If you read Meister Eckhart, and I certainly recommend that you do, you’ll find numerous references to freeing ourselves of “God”—the false thing— so we can truly get in touch with God—the real thing (there are lots of translations of Eckhart, this Penguin Classics book is my favorite). Here’s an example, where Eckhart praises genuine spiritual poverty:
I said before that a poor person is someone who does not even will to perform God’s will, but who lives in such a way that he or she is as free both of their own will and of God’s will as they were before they were created. Of this we say that it is the highest poverty…. And so we say that we should be so poor that we neither are nor possess a place in which God can act. If we still have such a place within us, then we still have multiplicity. Therefore I ask God to make me free of “God” for my most essential being is above “God” in so far as we conceive of God as the origin of creatures.
OK, Eckhart, a 12th century German Dominican, isn’t crystal clear here, but this is part of his point. What about God is clear? What about God could be clear? Who are we to believe that we know anything about God, the ultimate reality? Maybe the only true word we can utter about God is…mystery. Consider this recent news article about some high school cross country runners who stop by the side of the road to pray and get hit by a car, killing one student and injuring three others.
What theologian is going to be able to explain this, except in the most platitudinous terms: “God works in mysterious ways.” Well, yeah, that’s for sure. God rewards prayer with death. And he rewards not-praying with death. Everyone eventually gets the same reward, so go figure.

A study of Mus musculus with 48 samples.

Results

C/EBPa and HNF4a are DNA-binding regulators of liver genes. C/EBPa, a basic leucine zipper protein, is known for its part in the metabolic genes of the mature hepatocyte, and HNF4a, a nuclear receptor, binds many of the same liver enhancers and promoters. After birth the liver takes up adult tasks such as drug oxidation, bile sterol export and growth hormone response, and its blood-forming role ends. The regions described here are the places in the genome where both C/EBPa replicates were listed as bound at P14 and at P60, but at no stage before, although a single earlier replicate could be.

More and more, I’m most proud of the spiritual tenets that I don’t believe in, rather than in those that I do. Belief is a waste of time. Certainty is what we’re after. Beliefs separate us from other people. Aren’t we after unity, rather than separateness? Whatever the nature of ultimate reality is, I’m convinced that it is the same for everybody. I guess you can call that a belief, but at least it is a belief solidly grounded in science—which similarly finds that a single reality, not many realities, best describes the cosmos.
I’m increasingly disgusted by those who believe that they have a lock on spiritual truth, especially when they’re in a position of power. That army general who considers that his Christian God is more powerful than that wimpy Islamic God is a sad example. A Washington Post editorial charitably calls General Boykin’s remarks “wrong and divisive.” Stronger words would be even more appropriate. More disturbing, neither our President nor our Secretary of Defense seem to disagree with Boykin, probably because they also believe that God is on the side of the United States in our war against terror.
I’d love to send each of them back in a time machine to hear Meister Eckhart speak. Here is how he ended one sermon:
Whoever has understood this sermon, I wish them well, Had no one been here, I would still have had to preach it to this collecting-box. There are some poor folk who return home and say “I wish to sit down, to eat my bread and to serve God.” But I say by the eternal truth that these people shall remain in error and can never attain what those others attain who follow God in poverty and in exile. Amen.
But it isn’t just religious conservatives who believe that they have a special connection to the God’s Will Hotline. Here’s a piece about the first openly gay Episcopal bishop which says, “He feels strongly that God wants him to go through with his consecration on November 2. ‘God and I have been about this for quite a while now and I would be really surprised if God were to want me to stop now,’ he said.
Give me a break, Rev. Robinson. Am I supposed to believe that you’ve been chatting with God about your ordination, and have gotten direct word from the Word that you’re indeed doing God’s will? I’ll now add you to the Eckhart sermon audience.